Reduced to skin and bones by civil war: Twelve-year-old girl weighs just 22 pounds – the same as a typical toddler – as Yemen fighting drives people to the brink of famine

February 15, 2019 in News by Slad

 

Source: Daily Mail

 

  • WARNING: DISTRESSING CONTENT 
  • Fatima Qoba, 12, weighed just 22lbs when she brought to clinic in Yemen – one of ten million facing famine
  • Family of 12 forced to flee their home during civil war, and now live under a tree with their unemployed father

These heartwrenching images of a 12-year-old starving girl, so weak she has to be carried by her sister, shows just one of millions of victims of Yemen’s civil war.

Fatima Qoba weighs just 22lbs – no more than an average toddler – and years of starvation has left her with paper-thin skin stretched over her bones.

She is receiving treatment at a malnutrition clinic in Hajjah, northwest Yemen, after her desperate sibling brought her there, fearing she would die.

Displaced by war, starving and living under a tree, 12-year-old Fatima Qoba weighed just 22lbs when she was carried into a Yemeni malnutrition clinic by her sister

Starving: Fatima is one of ten million Yemenis brought to the brink of famine by the civil war 

Starving: Fatima is one of ten million Yemenis brought to the brink of famine by the civil war

Wasting away: A photo of the 12-year-old shows her skin stretched over her shoulder-blades and spine 

Wasting away: A photo of the 12-year-old shows her skin stretched over her shoulder-blades and spine

‘All the fat reserves in her body have been used up, she is left only with bones,’ Makiah al-Aslami, a doctor and head of the clinic says.

‘She has the most extreme form of malnutrition.’

Fatima’s slide into starvation is typical of what is happening in much of Yemen, where war and economic collapse have driven around ten million people to the brink of famine, according to the United Nations.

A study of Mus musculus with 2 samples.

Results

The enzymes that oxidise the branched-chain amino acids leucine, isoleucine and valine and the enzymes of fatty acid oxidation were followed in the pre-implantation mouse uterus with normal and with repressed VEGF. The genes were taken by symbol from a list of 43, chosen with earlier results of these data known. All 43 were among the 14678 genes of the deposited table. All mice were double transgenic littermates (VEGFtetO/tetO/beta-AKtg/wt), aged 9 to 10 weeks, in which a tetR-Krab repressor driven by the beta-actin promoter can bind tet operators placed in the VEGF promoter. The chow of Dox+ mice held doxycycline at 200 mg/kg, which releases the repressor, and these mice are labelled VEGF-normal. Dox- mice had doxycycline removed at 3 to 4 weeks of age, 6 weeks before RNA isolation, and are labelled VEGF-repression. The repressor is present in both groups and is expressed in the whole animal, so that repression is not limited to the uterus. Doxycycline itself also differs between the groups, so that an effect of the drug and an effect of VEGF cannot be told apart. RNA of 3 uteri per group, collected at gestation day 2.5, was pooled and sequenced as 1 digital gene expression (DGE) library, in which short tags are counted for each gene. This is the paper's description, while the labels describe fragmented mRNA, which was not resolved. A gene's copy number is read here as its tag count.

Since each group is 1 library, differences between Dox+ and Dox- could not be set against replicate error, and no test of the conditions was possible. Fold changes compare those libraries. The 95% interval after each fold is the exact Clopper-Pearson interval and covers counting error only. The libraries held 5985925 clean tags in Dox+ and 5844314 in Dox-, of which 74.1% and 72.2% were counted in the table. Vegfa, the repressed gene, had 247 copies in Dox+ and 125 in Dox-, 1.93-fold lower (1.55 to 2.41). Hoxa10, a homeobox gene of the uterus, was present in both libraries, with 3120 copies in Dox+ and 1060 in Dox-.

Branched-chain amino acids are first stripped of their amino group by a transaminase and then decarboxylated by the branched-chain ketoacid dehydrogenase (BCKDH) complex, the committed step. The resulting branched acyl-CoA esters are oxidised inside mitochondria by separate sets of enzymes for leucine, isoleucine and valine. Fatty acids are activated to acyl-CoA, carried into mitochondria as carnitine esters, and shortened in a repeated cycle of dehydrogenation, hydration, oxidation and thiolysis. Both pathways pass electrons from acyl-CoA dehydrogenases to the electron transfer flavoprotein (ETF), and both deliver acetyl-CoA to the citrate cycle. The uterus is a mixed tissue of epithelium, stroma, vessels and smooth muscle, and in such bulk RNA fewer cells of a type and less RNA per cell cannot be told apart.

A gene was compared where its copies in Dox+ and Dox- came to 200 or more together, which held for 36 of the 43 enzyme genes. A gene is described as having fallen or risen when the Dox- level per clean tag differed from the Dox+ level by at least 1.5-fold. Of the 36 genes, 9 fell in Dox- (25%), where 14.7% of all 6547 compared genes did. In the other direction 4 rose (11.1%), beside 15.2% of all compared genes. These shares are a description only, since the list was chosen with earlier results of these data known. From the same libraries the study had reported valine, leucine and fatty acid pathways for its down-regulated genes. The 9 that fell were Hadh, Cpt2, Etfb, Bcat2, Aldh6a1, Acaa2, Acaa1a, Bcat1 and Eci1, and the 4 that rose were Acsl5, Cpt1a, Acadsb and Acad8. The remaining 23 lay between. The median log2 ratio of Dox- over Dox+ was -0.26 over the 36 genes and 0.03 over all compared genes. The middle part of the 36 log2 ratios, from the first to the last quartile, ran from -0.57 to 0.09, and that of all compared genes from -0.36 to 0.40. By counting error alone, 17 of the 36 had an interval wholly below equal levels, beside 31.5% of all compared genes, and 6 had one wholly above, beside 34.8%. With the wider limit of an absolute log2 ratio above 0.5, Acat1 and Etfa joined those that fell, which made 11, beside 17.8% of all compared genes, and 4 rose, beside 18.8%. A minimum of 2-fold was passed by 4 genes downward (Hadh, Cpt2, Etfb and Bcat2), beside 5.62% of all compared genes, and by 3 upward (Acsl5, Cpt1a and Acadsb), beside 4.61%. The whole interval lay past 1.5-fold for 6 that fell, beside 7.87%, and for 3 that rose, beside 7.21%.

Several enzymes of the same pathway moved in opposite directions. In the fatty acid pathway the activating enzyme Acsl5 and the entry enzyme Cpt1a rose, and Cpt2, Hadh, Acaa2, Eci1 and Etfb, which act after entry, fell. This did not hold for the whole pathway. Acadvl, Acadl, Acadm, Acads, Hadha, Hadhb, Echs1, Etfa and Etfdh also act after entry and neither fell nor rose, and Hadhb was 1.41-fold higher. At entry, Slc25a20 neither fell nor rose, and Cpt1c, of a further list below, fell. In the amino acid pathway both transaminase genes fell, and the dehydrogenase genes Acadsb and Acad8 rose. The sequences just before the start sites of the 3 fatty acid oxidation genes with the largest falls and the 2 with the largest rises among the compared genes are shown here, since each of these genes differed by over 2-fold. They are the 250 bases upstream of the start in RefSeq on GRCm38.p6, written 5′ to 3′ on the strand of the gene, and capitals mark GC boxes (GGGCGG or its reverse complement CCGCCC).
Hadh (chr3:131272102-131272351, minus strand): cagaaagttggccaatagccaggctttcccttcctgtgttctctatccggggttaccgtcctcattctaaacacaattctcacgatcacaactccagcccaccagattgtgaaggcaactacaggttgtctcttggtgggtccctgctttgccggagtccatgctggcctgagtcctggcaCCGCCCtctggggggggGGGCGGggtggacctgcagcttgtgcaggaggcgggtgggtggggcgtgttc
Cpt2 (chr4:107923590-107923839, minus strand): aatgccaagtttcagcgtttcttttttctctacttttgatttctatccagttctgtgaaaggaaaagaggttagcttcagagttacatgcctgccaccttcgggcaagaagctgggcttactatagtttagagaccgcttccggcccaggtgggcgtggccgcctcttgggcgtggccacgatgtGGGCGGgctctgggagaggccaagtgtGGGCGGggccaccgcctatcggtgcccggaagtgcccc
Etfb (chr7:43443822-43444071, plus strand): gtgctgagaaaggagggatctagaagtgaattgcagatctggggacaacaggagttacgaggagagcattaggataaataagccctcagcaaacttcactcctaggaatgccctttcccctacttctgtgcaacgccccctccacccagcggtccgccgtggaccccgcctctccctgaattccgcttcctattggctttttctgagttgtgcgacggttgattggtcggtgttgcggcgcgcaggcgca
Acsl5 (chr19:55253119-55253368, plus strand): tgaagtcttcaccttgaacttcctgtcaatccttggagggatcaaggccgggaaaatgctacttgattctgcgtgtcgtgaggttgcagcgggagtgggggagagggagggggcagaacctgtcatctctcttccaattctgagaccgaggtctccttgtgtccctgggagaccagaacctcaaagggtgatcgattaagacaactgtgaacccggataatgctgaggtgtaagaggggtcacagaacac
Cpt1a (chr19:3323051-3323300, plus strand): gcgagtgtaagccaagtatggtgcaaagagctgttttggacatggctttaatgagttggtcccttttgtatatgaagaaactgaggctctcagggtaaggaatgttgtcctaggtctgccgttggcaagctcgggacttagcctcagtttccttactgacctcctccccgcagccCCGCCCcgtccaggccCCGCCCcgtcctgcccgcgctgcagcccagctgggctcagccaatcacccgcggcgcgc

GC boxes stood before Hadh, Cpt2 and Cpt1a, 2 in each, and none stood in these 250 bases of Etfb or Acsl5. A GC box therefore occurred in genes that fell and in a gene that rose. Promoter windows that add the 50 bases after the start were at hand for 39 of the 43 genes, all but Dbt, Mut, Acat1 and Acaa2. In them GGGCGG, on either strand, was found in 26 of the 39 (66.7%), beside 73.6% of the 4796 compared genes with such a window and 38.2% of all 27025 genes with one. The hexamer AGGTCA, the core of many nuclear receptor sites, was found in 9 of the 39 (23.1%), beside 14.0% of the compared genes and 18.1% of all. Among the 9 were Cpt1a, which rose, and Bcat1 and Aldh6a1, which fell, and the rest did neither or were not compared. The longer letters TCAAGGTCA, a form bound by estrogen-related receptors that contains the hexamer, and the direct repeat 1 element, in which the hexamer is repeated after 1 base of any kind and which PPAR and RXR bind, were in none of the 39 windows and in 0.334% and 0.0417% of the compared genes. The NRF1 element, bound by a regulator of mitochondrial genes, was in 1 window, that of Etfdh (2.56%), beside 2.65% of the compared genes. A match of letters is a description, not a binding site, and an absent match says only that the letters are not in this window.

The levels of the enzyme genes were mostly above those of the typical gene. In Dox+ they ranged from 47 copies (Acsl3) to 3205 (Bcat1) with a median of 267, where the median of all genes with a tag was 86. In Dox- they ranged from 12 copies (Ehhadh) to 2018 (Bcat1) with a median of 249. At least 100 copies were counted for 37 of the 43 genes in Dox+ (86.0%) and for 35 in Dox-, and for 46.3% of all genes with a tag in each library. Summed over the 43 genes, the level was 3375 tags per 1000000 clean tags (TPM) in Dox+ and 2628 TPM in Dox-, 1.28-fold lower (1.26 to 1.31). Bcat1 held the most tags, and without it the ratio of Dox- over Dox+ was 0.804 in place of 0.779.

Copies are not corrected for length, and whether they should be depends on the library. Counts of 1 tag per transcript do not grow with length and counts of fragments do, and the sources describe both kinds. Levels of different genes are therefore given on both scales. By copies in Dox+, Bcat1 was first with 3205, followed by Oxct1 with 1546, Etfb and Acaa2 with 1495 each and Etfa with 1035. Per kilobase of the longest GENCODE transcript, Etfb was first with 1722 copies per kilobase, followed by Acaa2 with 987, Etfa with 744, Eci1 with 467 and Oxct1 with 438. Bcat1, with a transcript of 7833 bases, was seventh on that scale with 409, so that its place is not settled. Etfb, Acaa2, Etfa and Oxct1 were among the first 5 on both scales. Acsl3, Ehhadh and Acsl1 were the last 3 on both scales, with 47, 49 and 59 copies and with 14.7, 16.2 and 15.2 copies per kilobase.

Aslami said she is expecting more and more malnutrition cases to come through her door. This month she is treating more than 40 pregnant women with severe malnutrition.

‘So in the coming months I expect I will have 43 underweight children,’ she said.

Fatima, her sister and their nine siblings were forced to flee their home with their father and now live under a tree

Fatima, her sister and their nine siblings were forced to flee their home with their father and now live under a tree

The family fled bombardment from the Saudi-led coalition, which intervened in Yemen in 2015, and have not been able to return home since

The family fled bombardment from the Saudi-led coalition, which intervened in Yemen in 2015, and have not been able to return home since

Heartbreaking: Fatima weighs about the same as a healthy toddler - 22lbs

Heartbreaking: Fatima weighs about the same as a healthy toddler – 22lbs

She said that since the end of 2018, 14 deaths from malnutrition had occurred at her clinic alone.

Fatima, her ten siblings and father were forced from their home near the border with Saudi Arabia and forced to live under a tree, her older sister, also called Fatima, told Reuters.

She said they were fleeing bombardment from the Saudi-led coalition, which intervened in Yemen in 2015 to restore the internationally recognised government of Yemeni President Abd-Rabbu Mansour Hadi after the Houthi-movement ousted it from power in the capital Sanaa in 2014.

‘We don’t have money to get food. All we have is what our neighbours and relatives give us,’ the sister said. Their father, in his 60s, is unemployed. ‘He sits under the tree and doesn’t move.’

‘If we stayed here and starved no one would know about us. We don’t have a future,’ she said.

After trying two other hospitals which could not help, a relative found the money to transport Qoba to the clinic in Houthi-controlled Aslam, one of Yemen’s poorest districts with high malnutrition levels.

A nurse measures the height of the malnourished 12-year-old at a clinic in Aslam of the northwestern province of Hajjah, Yemen

A nurse measures the height of the malnourished 12-year-old at a clinic in Aslam of the northwestern province of Hajjah, Yemen

Lying on green hospital sheets, Qoba’s skin is papery, her eyes huge and her skeletal frame encased in a loose orange dress. A health worker feeds her a pale mush from a bowl.

Aslami said the girl needed a month of treatment to build up her body and mind.

The United Nations is trying to implement a ceasefire and troop withdrawal from Yemen’s main port of Hodeidah, where most of Yemen’s imports come from.

But violence continues to displace people in other parts of the country, and cut access routes for food, fuel and aid.

There is food in Yemen, but severe inflation has eroded people’s ability to buy it, and the non-payment of government worker salaries has left many households without incomes.

‘It’s a disaster on the edge of famine … Yemeni society and families are exhausted,’ Aslami said. ‘The only solution is to stop the war.’